Apple ProRes sample
Apple ProRes sample (Image credit: Apple)

Apple is set to bring a new camera feature to two of the best iPhones on the market, the iPhone 13 Pro and iPhone 13 Pro Max models. ProRes video is a professional codec that's used in many professional camera systems for filmmaking. Support for the new video format is a major upgrade for anyone who wants to use their iPhone for more professional video purposes. Here's a first look at the feature, which is set to launch with iOS 15.1, which is current available through developer and public betas.

Apple occasionally offers updates to iOS, iPadOS, watchOS, tvOS, and macOS as closed developer previews or public betas (opens in new tab). While the betas contain new features, they also contain pre-release bugs that can prevent the normal use of your iPhone, iPad, Apple Watch, Apple TV, or Mac, and are not intended for everyday use on a primary device. That's why we strongly recommend staying away from developer previews unless you need them for software development, and using the public betas with caution. If you depend on your devices, wait for the final release.

What is ProRes video?

With ProRes, you can produce broadcast-ready content on your iPhone using high color fidelity and low compression. Best of all, you can record, edit, and deliver the content without any other device. You can also bring ProRes videos from your iPhone into Final Cut Pro on your Mac. Apple ProRes includes various formats (opens in new tab).

Which phones support ProRes video?

Recorded ProRes content takes up a lot of space on the iPhone, as you'll see below. Because of this, once released, ProRes will have limited use on the 128GB versions of the iPhone 13 Pro and iPhone 13 Pro Max.

The least expensive Pro model will only be allowed to record ProRes at 1080p at 30fps. The iPhone 13 Pro series 256GB, 512GB, and 1TB models will allow ProRes video recording up to 4K at 30 fps.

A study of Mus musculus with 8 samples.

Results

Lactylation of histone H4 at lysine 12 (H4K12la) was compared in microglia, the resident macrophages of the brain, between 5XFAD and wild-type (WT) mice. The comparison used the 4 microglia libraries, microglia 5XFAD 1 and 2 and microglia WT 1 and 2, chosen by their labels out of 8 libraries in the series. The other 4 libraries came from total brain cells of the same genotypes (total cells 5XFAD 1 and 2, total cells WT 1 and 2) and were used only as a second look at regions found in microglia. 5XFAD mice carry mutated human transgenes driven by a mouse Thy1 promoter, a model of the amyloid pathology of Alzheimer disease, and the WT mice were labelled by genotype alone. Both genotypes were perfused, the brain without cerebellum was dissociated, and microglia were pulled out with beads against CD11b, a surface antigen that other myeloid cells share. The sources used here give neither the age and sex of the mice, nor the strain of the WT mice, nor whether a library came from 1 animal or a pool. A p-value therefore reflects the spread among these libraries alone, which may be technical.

Storage requirements

According to language in the iOS 15.1 beta, a minute of 10-bit HDR ProRes video consumes around 1.7GB for HD and 6GB for 4K. No doubt, this is something to consider before starting to shoot in ProRes.

Turning ProRes video on/off

In the current iOS 15.1 beta, ProRes is off by default. To activate the feature:

  1. Tap the Settings app on your support iPhone 13 Pro.
  2. Choose Camera.
  3. Select Formats.

To turn on ProRes/ tap the Settings app on your supported iPhone, then choose Camera, then Format. (Image credit: iMore)
  1. Toggle on ProRes to activate the feature.

To turn on ProRes, toggle on ProRes. (Image credit: iMore)

To turn ProRes off:

  1. Tap the Settings app on your support iPhone 13 Pro.
  2. Choose Camera.
  3. Select Formats.

To turn on ProRes/ tap the Settings app on your supported iPhone, then choose Camera, then Format. (Image credit: iMore)
  1. Toggle off ProRes to activate the feature.

To turn off ProRes, toggle off ProRes. (Image credit: iMore)

Using ProRes video

To use ProRes video on your compatible iPhone with iOS 15.1 or later:

  1. Choose the Camera app on your iPhone Home screen.
  2. Select Video.

To use ProRes, choose the Camera app, then select Video (Image credit: iMore)
  1. Tap the ProRes button.
  2. Begin recording, stop when finished.

To use ProRes, tap the ProRes button, begin recording, stop when finished. (Image credit: iMore)

ProRes video on iPhone shows a lot of promise, and it will be interesting to see the type of videos iPhone 13 Pro series users will record once the feature arrives. Look for the official iOS 15.1 launch before the end of 2021.

Bryan M Wolfe
Staff Writer

Bryan M. Wolfe has written about technology for over a decade on various websites, including TechRadar, AppAdvice, and many more. Before this, he worked in the technology field across different industries, including healthcare and education. He’s currently iMore’s lead on all things Mac and macOS, although he also loves covering iPhone, iPad, and Apple Watch. Bryan enjoys watching his favorite sports teams, traveling, and driving around his teenage daughter to her latest stage show, audition, or school event in his spare time. He also keeps busy walking his black and white cocker spaniel, Izzy, and trying new coffees and liquid grapes.

1 Comment
  • With those file sizes they need a much easier way to offload the video. Going to wait and see what Google announces for the Pixel 6 Pro and how video looks there - may be good enough for me even using the current compressed CODECs. 1.7-6GB a minute and being stuck with Lightning 2.0 speeds with the included iPhone cable..? Completely unworkable. I would never sync these files to the cloud. These phones needed a USB-C connection with USB 3.1 speeds (or better) and/or support to record to an external NVMe drive.